Today in Black History – August 11 *
1841 – African American abolitionist Frederick Douglass delivers
his first public speech before the Massachusetts Anti-
Slavery Society in Nantucket. Having escaped from
slavery only three years earlier, Douglass is legally a
fugitive when he delivers his speech about his life as a
slave. The Massachusetts Society immediately hires
Douglass as a full-time lecturer.
1873 – John Rosamond Johnson is born in Jacksonville, Florida.
He will, with Bob Cole, be part of the famous vaudeville
team Cole & Johnson. He will best be remembered as a
composer who, with his brother James Weldon Johnson
providing the lyrics, will write “Lift Every Voice and
Sing.” He will join the ancestors on November 11, 1954.
1921 – Alexander Murray Palmer Haley is born in Ithaca, New York.
He will become an award-winning author, most notably for his
authorship with Malcolm X of the latter’s autobiography and
for “Roots”, which will win a special Pulitzer Prize.
“Roots” will be his most successful work, selling over 1
million copies and contributing to a new interest in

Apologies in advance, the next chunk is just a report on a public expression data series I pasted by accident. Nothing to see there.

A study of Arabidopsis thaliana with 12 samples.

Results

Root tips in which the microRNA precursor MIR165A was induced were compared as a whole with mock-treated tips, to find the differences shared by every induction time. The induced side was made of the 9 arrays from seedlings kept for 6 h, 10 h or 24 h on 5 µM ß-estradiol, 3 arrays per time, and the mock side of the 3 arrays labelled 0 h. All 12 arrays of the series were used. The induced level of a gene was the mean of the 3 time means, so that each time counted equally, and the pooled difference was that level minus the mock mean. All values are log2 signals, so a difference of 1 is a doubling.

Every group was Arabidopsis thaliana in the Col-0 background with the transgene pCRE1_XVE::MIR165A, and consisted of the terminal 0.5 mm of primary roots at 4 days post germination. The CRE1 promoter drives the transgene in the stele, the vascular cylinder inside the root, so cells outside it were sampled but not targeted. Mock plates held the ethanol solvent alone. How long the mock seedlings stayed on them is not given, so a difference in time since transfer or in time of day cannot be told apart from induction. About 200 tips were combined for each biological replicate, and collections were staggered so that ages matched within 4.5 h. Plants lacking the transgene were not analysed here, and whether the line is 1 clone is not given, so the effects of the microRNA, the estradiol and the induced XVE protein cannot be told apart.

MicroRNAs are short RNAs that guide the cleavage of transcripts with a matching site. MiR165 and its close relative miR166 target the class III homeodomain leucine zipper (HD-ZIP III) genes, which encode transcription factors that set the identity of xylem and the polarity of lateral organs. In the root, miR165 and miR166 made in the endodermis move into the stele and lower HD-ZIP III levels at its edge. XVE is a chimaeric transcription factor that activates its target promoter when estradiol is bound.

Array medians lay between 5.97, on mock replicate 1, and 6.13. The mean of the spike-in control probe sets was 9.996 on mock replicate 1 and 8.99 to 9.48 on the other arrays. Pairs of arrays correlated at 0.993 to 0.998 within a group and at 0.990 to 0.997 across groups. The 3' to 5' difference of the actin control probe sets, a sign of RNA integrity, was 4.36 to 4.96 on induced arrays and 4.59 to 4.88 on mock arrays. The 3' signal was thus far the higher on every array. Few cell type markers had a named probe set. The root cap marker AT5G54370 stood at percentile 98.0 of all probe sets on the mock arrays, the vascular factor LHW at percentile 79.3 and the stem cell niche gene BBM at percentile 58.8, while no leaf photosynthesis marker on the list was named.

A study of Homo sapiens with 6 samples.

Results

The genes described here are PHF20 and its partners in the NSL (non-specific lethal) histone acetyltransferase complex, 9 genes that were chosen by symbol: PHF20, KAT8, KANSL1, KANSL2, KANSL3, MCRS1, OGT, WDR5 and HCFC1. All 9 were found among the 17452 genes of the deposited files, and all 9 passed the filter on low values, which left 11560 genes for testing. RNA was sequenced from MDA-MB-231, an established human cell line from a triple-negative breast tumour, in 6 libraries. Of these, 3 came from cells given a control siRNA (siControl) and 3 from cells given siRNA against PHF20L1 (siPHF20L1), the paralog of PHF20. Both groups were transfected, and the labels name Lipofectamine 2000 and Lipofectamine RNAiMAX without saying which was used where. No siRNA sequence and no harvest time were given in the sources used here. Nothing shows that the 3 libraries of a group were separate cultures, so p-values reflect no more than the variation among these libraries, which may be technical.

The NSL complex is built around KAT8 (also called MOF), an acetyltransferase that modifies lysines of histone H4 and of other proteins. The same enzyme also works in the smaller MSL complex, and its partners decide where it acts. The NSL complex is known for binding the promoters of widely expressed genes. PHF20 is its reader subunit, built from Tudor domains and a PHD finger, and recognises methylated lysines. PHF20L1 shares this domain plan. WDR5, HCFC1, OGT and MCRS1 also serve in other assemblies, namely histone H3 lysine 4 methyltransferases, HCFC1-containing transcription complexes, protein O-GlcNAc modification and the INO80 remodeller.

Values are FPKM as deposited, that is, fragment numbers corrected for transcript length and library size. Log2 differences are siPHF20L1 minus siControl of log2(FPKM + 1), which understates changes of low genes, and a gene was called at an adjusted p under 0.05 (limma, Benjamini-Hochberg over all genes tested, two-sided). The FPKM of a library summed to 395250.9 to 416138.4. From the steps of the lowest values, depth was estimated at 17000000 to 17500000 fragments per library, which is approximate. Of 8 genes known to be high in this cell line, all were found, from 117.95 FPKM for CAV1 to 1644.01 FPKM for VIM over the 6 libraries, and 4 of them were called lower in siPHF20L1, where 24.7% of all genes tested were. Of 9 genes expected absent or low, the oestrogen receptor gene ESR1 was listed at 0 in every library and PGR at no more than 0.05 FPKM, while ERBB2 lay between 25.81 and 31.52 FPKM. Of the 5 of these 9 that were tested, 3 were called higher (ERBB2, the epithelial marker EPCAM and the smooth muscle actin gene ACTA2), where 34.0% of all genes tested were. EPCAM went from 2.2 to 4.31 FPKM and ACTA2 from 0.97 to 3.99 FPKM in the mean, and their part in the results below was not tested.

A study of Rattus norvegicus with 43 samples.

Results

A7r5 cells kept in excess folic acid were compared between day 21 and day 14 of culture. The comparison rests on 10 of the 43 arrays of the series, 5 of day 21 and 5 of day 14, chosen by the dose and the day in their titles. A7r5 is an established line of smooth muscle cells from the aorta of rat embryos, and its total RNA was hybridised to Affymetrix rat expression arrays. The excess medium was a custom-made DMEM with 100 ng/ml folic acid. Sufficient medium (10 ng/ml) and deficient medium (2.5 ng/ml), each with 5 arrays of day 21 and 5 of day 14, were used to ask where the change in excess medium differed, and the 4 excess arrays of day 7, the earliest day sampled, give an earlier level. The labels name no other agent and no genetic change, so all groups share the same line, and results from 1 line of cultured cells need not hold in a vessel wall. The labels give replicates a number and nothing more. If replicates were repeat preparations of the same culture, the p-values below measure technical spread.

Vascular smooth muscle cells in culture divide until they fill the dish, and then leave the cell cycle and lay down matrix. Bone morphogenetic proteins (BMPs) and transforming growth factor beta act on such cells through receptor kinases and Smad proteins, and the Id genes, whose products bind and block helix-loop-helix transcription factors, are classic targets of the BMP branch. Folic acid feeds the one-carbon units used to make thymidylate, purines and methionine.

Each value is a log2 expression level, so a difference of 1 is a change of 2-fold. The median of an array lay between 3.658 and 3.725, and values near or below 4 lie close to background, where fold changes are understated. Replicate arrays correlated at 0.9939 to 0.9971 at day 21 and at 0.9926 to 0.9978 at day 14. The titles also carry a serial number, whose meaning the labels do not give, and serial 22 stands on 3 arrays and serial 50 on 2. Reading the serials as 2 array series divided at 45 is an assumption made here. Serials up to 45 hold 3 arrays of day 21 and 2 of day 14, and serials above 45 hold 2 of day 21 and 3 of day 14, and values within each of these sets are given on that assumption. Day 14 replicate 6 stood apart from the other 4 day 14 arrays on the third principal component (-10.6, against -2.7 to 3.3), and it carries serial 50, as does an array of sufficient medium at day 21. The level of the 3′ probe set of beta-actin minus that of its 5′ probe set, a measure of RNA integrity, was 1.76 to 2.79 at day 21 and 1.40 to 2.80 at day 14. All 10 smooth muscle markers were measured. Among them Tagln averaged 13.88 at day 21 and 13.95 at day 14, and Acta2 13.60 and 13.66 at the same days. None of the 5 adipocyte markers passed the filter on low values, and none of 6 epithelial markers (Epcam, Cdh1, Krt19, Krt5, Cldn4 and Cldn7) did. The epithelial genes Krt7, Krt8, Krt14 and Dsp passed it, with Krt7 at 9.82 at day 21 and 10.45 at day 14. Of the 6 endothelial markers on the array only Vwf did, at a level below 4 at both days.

African American history. He will join the ancestors on
February 10, 1992 in Seattle, Washington.
1925 – Carl T. Rowan is born in Ravencroft, Tennessee. He will
become one of America’s most outspoken journalist with
NBC News and The Chicago Daily News. As an author, he
will write “Dream Makers, Dream Breakers:The World of
Justice Thurgood Marshall,” “Breaking Barriers,” “Wait
Till Next Year,” “Go South in Sorrow,” and “South of
Freedom.” He will be appointed to the positions of
Director: U.S. Information Agency and U.S. Ambassador to
Finland. He will join the ancestors on September 23, 2000.
1942 – Otis Taylor is born in Houston, Texas. He will become a
professional football player with the Kansas City Chiefs,
playing wide receiver. He will be the UPI AFC Player of
the Year in 1971, and will help lead his team to Super
Bowl I and a victory in Super Bowl IV.
1948 – Amanda Randolph appears on the television series “The
Laytons” on the Dumont Network. She and Bob Howard of
CBS’ “The Bob Howard Show”, which premiered earlier in
the summer, are the first African Americans to be
featured in a national network television series.
1949 – Peter Marshall Murray of New York is appointed to the
American Medical Association’s House of Delegates.
1960 – The African country of Chad declares independence from
1962 – After integrated groups try to use the facilities, police
close the Municipal parks and library in Albany, Georgia.
1964 – A racially motivated disturbance occurs in Paterson, New
1965 – Racially motivated disturbances start in the Watts section
of Los Angeles, California. In six days, the death toll
will stand at 34, 1,032 persons will be injured, 3952 will
be arrested and $ 35 million in property will be lost.
1965 – The U.S. Senate confirms the nomination of Thurgood
Marshall as U.S. Solicitor General.
1980 – Reggie Jackson hits his 400th homer.
Information retrieved from the Munirah Chronicle and is edited by Rene’ A. Perry.